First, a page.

Researchers at US antivirus firm McAfee say the cyberattacks that have hit Saudi Arabia over the past few months are continuing, revealing new details about an unusually disruptive campaign.
Speaking ahead of the blog post’s publication on Wednesday, McAfee chief scientists Raj Samani said the latest intrusions were very similar, albeit even worse, to the malicious software that wrecked computers at Saudi Arabia’s state-run oil company in 2012.
“This campaign was a lot bigger,” Samani said. “Way larger in terms of the amount of work that needed to be done.”
It’s a striking claim. The 2012 intrusions against Saudi Aramco and Qatari natural gas company RasGas – data-wiping attacks that wrecked tens of thousands of computers – were among the most serious cyberattacks ever publicly revealed.
At the time, the United States called it “the most destructive attack that the private sector has seen to date”.
Echoing research done by others, McAfee said the most recent wave of attacks drew heavily on the malicious code used in the 2012 intrusions.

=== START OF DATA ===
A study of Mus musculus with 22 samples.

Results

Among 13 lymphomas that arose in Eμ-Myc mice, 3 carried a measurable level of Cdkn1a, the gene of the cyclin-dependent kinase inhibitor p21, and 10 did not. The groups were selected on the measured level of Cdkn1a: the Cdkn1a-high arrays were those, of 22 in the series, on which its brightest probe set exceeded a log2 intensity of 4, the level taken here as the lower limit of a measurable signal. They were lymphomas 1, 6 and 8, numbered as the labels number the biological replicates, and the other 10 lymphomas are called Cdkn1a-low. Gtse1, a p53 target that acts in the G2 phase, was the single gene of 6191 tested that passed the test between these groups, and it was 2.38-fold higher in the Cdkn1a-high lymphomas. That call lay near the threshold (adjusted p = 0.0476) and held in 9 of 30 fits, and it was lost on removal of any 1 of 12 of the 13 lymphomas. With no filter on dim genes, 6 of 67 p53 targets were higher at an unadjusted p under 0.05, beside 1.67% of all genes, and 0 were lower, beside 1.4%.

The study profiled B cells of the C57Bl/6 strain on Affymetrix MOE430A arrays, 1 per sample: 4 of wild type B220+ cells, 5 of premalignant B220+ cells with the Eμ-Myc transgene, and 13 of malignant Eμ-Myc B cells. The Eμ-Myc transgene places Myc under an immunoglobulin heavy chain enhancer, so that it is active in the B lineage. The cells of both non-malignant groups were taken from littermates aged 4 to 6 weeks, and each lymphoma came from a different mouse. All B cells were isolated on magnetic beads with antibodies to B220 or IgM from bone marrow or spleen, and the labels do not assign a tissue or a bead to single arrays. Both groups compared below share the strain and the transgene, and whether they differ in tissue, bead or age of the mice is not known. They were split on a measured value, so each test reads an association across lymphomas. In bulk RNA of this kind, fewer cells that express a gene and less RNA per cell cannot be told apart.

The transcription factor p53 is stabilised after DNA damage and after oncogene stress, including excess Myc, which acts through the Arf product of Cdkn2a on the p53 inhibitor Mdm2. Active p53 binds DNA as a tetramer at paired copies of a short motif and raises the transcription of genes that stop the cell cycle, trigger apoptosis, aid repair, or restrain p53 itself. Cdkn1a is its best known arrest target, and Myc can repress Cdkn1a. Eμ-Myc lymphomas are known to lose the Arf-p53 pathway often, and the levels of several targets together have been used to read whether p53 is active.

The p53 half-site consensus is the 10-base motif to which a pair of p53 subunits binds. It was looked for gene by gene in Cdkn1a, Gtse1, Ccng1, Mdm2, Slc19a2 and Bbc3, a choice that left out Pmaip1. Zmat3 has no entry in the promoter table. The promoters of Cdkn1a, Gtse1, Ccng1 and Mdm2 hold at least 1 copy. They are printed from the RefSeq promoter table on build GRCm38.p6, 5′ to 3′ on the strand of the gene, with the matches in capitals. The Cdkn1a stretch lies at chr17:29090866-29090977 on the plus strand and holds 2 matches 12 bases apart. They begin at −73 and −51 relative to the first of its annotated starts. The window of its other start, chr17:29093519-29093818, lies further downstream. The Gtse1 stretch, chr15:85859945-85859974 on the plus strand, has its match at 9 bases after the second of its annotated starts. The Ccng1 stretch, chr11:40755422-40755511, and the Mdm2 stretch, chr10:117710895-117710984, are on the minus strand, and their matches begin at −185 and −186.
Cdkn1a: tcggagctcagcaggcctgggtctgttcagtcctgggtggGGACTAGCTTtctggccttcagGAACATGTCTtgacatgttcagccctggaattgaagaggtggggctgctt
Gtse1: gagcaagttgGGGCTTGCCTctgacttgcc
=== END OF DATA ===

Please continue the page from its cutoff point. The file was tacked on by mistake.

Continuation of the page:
McAfee also said that some of the code appears to have been borrowed by a previously known hacking group, Rocket Kitten, and used digital infrastructure also employed in a cyberespionage campaign dubbed OilRig.
US cybersecurity firms have tied both to Iran, with greater or lesser degrees of certainty.
McAfee stopped short of linking any particular actor to the most recent attacks.
Saudi officials and news media have given little detail about the intrusions beyond saying that more than a dozen government agencies and companies were affected, and a government adviser did not immediately return a message seeking comment.
The Iranian embassy in Paris did not immediately return messages.